Wednesday, March 13, 2013

Day 13: No Regrets!

I found it interesting that when I did a search for songs titled similarly to this post, at least 13 popped up by different artists. Methinks perhaps they all protest too much.

In any event, this post is about my regrets--or rather, that I really don't think about the past in that way. I have always tried to live my life like it was a series of choices. I work really hard to be careful and considered in making my choices, and I think the result of this is that once the choice is made, I'm done pondering it. I don't really go back and visit it again (unless there's new information or circumstances change which warrant such action). Having said that, there are times when I wonder where a different choice might have taken me. For example...

I wonder what might have happened if I'd accepted that interpreting job for Cirque du Soleil. They wanted someone who was available around the clock, and I was teaching and building a graphic arts business at the time. I just didn't feel like it was worth my time to put that aside to work for what at the time was a little-known, out-on-the-edge entertainment.

I wonder where I'd be if I'd actually gone to Hawaii. I had applied to grad school at the University of Hawaii to study linguistics. I had been accepted and I only needed to finalize the money (they had a fellowship available that would have made it practically free to study there). Those of you who know me will understand when I say that if I had actually made it to Hawaii, I would never have come back stateside. It's the weather. And the beaches. And sure, Polynesian girls are nice, too. Is my wife reading this?

I wonder how things might have gone if I'd not applied for (and then received) the credit card with the $1,000 limit that was just enough for me to take an Amtrak tour around the country before I left for Hawaii--a trip during which Wifeness and I decided to see what might happen if we took our friendship of several years in a new direction. The deal Amtrak was offering at the time was a 30-day pass: You could go anywhere in the country they had tracks for a month, and you could stop up to 3 times. I chose to go to San Diego to see friends of mine for a couple of days, then head to New Orleans (I'd never been to New Orleans, and wanted to see it at a time when it wasn't in the throes of Mardi Gras). After that, it was up to New England. I hadn't been back East since I'd moved to Las Vegas, and I wanted to connect with people I missed. Wifeness was one such person. She and I had been corresponding regularly since I'd moved, and I was very much looking forward to seeing her again. The story of what led us to the place of moving past friendship is a story in itself, but if I hadn't made the trip it certainly never have come to pass as it did.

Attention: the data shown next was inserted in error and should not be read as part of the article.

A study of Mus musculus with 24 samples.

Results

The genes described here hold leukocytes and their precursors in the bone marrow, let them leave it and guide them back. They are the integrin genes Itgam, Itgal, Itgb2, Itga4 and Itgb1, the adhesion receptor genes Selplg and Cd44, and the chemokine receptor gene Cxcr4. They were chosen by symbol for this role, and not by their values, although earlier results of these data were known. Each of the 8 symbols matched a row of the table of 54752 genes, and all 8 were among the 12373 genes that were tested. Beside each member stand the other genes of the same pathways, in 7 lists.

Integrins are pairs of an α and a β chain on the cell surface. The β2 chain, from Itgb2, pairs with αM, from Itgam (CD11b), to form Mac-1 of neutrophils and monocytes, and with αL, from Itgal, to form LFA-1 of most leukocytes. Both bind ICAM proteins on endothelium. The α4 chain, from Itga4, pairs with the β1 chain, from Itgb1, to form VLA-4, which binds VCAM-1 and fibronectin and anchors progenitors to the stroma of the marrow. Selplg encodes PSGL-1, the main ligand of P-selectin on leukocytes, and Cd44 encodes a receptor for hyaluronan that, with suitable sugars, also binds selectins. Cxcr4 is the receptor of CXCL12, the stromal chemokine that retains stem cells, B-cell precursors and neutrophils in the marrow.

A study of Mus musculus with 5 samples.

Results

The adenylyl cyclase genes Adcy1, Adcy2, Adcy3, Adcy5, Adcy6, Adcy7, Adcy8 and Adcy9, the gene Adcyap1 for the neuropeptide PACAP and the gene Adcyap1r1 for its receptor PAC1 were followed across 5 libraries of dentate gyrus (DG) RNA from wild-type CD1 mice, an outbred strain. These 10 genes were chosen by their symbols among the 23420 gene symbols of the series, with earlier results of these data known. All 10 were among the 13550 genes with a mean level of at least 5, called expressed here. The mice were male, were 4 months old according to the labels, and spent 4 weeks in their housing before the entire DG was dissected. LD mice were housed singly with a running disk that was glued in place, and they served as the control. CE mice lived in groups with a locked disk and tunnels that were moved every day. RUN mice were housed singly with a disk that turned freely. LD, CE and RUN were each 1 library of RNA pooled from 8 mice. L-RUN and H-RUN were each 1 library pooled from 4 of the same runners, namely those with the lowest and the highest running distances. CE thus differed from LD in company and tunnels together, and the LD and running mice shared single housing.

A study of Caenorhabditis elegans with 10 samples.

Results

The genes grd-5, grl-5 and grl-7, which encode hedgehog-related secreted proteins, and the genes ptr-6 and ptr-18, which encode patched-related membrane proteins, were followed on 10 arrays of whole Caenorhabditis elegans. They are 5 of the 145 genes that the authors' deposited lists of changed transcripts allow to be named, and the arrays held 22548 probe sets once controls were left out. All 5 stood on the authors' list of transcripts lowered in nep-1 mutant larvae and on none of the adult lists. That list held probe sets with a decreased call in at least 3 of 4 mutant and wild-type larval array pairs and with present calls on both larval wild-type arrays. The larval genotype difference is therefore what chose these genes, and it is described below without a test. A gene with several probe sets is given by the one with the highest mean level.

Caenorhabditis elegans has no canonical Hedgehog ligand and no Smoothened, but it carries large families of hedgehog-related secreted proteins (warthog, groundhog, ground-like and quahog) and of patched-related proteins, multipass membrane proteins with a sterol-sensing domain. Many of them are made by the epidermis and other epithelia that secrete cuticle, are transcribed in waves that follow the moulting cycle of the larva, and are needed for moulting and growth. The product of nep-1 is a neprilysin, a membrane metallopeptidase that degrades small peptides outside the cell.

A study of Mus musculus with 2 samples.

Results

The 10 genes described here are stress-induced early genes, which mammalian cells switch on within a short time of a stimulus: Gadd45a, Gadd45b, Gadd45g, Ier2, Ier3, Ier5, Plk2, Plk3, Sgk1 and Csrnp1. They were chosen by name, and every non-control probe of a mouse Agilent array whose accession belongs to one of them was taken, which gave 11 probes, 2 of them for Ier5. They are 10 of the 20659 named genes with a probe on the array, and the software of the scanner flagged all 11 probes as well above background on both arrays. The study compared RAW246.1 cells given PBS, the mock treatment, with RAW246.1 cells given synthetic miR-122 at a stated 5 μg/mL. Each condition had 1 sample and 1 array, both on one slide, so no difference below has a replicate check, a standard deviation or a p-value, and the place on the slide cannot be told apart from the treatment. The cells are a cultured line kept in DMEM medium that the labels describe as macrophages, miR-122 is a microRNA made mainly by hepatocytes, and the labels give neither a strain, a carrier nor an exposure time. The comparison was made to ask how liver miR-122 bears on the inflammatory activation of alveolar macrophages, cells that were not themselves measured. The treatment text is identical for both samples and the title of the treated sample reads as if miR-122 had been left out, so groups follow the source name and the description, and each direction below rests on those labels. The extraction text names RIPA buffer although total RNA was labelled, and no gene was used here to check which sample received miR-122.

I wonder what my world view would be like if I had not chosen to study Buddhism. I didn't become exposed to Buddhism until I was in college and didn't study it with any sort of seriousness until I was in my twenties, but it has had an undeniable effect on me. I remember what my thinking was like when I was seriously investigating Christianity in my teens, and it was very different. Not better or worse; but different.

I wonder how small the world might be if I'd not chosen to travel as much as I did when I was younger, or if I'd chosen not to settle down and start a family. I don't get the chance to globetrek as much now as I did before the children arrived, but I still get itchy feet on a regular basis. Without having gone so far afield, though, I cannot imagine how many stories I would not have, how many special moments I would not have experienced and how many truly wonderful people I would not have met in my lifetime.

What, I wonder, do you wonder about?


Mrs. Chili said...

Dude. It's still the 12th. Stop freaking me out.

Wayfarer said...

HAHAHA! I'm in for a long day tomorrow, and so I was taking advantage of a few minutes to bang this out.

I don't get ahead of the game all that often!